According to a recent study published in the journal Nature Climate Change, the January 2022 eruption of Hunga Tonga-Hunga Ha’apai caused temporary warming over the Pacific and could push us over the 1.5 degree Celsius threshold set by the United Nations.
While volcanoes bring fire and chaos during their eruption, they usually have a cooling effect on the overall climate. That’s because eruptions release a whole bunch of sulfur into the air, which makes its way high into the atmosphere where it settles down in the form of tiny reflective particles. A sufficiently violent eruption could block enough sunlight to drop the average global temperature by a few degrees Celsius for a few years or more. Which is why it’s so weird that Hunga Tonga-Hunga Ha’apai appears to have caused a warming effect over the Pacific.
When the volcano popped off, it sent an estimated 146 metric megatons of water into the stratosphere, several miles above the planet’s surface. That water vapor acts as a greenhouse gas, trapping heat and raising the average temperature over the Pacific. That warming is temporary, but it’s an added pressure on an already strained system.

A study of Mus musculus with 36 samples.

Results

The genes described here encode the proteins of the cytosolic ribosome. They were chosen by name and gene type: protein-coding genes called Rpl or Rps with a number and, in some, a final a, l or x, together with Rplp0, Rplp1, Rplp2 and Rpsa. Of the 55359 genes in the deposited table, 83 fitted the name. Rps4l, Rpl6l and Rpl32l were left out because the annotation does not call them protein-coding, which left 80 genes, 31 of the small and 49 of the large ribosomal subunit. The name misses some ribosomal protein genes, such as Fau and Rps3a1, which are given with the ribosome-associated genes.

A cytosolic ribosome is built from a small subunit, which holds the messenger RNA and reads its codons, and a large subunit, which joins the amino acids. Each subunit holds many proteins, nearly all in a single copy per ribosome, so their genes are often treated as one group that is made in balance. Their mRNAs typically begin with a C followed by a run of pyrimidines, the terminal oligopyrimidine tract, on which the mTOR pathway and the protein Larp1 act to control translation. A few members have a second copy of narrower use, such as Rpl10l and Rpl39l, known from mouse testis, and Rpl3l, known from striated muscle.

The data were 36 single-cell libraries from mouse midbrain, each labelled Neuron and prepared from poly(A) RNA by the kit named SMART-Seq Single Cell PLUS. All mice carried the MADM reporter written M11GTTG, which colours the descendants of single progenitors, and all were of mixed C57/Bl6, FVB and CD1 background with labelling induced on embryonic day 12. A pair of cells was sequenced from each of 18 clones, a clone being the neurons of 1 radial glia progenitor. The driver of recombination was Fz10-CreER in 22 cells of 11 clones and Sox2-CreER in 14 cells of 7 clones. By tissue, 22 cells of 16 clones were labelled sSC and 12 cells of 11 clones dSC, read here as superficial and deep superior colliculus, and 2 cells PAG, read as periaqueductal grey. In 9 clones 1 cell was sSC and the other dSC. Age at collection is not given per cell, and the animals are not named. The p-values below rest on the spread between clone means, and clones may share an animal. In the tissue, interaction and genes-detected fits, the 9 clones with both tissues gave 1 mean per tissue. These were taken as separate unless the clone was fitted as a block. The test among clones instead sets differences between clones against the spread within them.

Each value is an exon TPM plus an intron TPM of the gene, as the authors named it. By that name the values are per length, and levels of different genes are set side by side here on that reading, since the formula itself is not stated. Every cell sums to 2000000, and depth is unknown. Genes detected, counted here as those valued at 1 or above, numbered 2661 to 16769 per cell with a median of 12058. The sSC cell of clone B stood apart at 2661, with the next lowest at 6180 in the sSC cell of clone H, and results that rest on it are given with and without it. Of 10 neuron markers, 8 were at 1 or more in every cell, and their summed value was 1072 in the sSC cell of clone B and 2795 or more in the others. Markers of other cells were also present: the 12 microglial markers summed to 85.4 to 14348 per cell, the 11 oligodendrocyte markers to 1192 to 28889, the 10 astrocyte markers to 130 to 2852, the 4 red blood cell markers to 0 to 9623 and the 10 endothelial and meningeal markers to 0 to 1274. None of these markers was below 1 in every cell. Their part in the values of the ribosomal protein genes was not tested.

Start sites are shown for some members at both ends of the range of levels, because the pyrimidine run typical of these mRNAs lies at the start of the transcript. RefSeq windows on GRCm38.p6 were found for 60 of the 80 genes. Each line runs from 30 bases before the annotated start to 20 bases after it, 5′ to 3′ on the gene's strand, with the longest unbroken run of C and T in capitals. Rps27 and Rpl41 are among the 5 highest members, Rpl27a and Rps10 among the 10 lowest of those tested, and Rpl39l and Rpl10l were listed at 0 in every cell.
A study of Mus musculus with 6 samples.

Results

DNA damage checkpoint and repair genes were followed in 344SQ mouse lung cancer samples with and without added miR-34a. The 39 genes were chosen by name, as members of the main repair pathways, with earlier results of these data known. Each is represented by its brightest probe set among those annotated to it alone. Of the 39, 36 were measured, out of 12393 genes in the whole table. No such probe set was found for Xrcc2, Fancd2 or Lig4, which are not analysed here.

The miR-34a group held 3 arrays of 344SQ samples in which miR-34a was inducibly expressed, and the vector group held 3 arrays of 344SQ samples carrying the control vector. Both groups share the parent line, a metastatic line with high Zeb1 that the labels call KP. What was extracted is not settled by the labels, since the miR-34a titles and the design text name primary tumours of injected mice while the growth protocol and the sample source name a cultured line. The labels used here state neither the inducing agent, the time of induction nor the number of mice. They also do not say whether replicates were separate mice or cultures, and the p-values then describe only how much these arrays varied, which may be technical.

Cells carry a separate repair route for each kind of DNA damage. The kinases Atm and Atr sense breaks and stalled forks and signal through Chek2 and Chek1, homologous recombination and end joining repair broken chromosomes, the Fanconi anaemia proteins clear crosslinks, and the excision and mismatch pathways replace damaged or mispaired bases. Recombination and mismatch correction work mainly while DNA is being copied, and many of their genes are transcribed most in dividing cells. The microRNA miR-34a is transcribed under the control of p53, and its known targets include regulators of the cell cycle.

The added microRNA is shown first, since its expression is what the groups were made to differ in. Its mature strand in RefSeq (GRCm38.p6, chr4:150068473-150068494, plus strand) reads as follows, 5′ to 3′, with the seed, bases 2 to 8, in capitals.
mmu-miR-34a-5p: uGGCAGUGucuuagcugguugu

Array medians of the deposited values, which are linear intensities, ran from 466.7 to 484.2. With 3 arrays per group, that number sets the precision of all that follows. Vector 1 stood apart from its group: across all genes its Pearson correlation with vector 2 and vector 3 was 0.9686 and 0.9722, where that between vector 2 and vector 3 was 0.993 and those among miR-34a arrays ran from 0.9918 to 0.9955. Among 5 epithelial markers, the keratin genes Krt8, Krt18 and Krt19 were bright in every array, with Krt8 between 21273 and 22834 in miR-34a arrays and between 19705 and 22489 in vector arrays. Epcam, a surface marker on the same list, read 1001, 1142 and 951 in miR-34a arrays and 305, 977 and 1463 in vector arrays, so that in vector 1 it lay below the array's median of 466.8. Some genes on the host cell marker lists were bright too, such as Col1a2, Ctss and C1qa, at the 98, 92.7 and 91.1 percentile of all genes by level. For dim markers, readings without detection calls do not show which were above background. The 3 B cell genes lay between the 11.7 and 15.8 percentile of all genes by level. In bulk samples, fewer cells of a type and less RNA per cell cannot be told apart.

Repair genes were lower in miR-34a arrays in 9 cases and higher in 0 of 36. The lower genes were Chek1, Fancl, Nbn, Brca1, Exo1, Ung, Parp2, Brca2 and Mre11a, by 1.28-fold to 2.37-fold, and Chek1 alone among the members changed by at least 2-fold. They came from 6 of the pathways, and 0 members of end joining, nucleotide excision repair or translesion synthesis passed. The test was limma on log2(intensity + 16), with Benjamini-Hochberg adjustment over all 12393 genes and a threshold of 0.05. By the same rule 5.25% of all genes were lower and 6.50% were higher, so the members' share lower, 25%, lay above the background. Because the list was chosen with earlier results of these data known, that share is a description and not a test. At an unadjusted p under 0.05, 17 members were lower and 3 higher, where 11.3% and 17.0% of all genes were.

The United Nations’ Paris Agreement set a threshold of 1.5 degrees Celsius over the pre-industrial average. That’s the horizon we’re trying not to cross, but it’s looking increasingly likely that we might. Importantly, crossing 1.5 C isn’t a “point of no return” but every fraction of a degree of warming we avoid is a good thing.
In May 2022, the World Meteorological Organization predicted a 50-50 chance that we would crest 1.5 C of warming in the following five years. Taking the Hunga Tonga-Hunga Ha’apai eruption into account, the new study predicts an additional 7% probability, tipping the scales in favor of excessive warming. Of course, we can’t control volcanic eruptions, but we can do something about our own contributions to global climate change before what buffer we have remaining runs out.